The Taliban offered to hold talks with South Korean officials in Afghan government-controlled territory over the fate of 21 hostages if the UN guaranteed the safety of the militant delegation.
Friday's offer, made by a purported Taliban spokesman, came as Afghan President Hamid Karzai traveled to the US for weekend talks with US President George W. Bush expected to address the hostage crisis.
South Korea expressed hope on Friday that the summit would help efforts to win the release of the 16 Korean women and five men abducted on July 19 in Ghazni Province. The Taliban have already shot and killed two men in the church group, which was doing voluntary health work in Afghanistan.
Qari Yousef Ahmadi, a purported spokesman who claims to speak for the Taliban, said the militants were ready to negotiate anywhere for the freedom of the captives with South Korea's ambassador to Afghanistan -- if the UN mission guarantees the militant delegation's safety.
"The Taliban are ready to meet them in Kabul, other cities or other country, but only under one condition and that is that the UN guarantees their safety," Ahmadi said, speaking on telephone from an undisclosed location.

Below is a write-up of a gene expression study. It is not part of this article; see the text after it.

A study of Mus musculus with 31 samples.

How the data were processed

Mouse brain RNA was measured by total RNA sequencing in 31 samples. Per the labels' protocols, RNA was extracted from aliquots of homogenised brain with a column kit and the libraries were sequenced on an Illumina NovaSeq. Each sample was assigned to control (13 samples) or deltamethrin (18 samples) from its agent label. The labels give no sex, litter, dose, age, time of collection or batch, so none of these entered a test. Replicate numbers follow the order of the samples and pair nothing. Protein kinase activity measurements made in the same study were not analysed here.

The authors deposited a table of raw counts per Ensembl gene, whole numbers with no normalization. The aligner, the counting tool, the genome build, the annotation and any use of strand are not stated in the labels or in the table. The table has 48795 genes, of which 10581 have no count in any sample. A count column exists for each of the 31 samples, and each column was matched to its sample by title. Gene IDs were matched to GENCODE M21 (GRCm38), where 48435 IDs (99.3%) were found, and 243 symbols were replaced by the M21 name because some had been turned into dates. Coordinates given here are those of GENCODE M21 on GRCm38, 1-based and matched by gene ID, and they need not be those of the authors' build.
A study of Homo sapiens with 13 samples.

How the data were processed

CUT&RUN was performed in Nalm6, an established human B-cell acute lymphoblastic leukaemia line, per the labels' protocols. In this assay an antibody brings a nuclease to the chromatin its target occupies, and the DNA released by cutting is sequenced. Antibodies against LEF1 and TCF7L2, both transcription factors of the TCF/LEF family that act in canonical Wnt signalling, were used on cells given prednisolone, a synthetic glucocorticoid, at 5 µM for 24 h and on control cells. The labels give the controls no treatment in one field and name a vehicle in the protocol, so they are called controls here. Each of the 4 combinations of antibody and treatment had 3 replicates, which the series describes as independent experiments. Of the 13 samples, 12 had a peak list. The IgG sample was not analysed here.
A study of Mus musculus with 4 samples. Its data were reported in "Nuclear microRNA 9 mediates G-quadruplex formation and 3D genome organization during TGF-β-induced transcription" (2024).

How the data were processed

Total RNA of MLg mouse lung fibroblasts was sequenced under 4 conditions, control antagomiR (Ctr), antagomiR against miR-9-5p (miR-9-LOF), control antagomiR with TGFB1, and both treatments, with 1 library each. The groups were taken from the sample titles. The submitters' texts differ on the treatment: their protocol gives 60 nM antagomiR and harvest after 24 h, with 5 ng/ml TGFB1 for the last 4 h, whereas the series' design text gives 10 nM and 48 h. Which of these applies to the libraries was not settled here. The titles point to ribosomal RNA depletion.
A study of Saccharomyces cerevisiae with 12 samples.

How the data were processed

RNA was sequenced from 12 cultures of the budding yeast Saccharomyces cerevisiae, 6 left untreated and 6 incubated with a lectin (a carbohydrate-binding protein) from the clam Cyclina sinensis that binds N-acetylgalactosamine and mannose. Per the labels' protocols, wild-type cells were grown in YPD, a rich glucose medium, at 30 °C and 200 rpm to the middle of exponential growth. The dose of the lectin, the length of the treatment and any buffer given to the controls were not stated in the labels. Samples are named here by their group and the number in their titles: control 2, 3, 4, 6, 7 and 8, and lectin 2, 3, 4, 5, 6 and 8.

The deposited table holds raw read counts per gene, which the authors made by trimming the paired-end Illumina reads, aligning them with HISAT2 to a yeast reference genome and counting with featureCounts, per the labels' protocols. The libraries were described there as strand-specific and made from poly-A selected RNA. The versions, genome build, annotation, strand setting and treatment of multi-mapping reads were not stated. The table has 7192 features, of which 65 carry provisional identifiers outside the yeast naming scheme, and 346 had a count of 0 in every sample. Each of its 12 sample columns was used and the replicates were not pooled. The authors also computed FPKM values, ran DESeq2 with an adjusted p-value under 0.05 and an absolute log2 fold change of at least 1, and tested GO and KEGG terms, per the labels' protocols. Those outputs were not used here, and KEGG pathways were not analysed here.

Officials from the UN mission in Afghanistan were not immediately available to comment on Ahmadi's offer.
South Korean presidential spokesman Cheon Ho-sun declined to comment on Friday on whether South Korean negotiators planned face-to-face talks with the Taliban, repeating an earlier remark that the country has been "maintaining direct and indirect contacts" with the captors.
"What we want to tell [the kidnappers], the primary goal of these contacts is to make it clear that there is a limit in our government's ability to address the release of prisoners they demand," Cheon told a press briefing in Seoul.
South Korea has sent lawmakers to lobby the US to help resolve the crisis. Seoul has asked Washington and Kabul to exercise "flexibility," as negotiations to free the captives are deadlocked over the Taliban's demand that insurgent prisoners be freed, including some in US custody.
A group of local doctors, meanwhile, traveled from Kabul to Ghazni in a hope of being able to reach the hostages, and treat those in a need of medical care.
However, militants did not allow the doctors to cross into their territory on Friday, telling the group they suspect spies to be among them, said Mohammad Hashim Wahaaj, who is leading the delegation.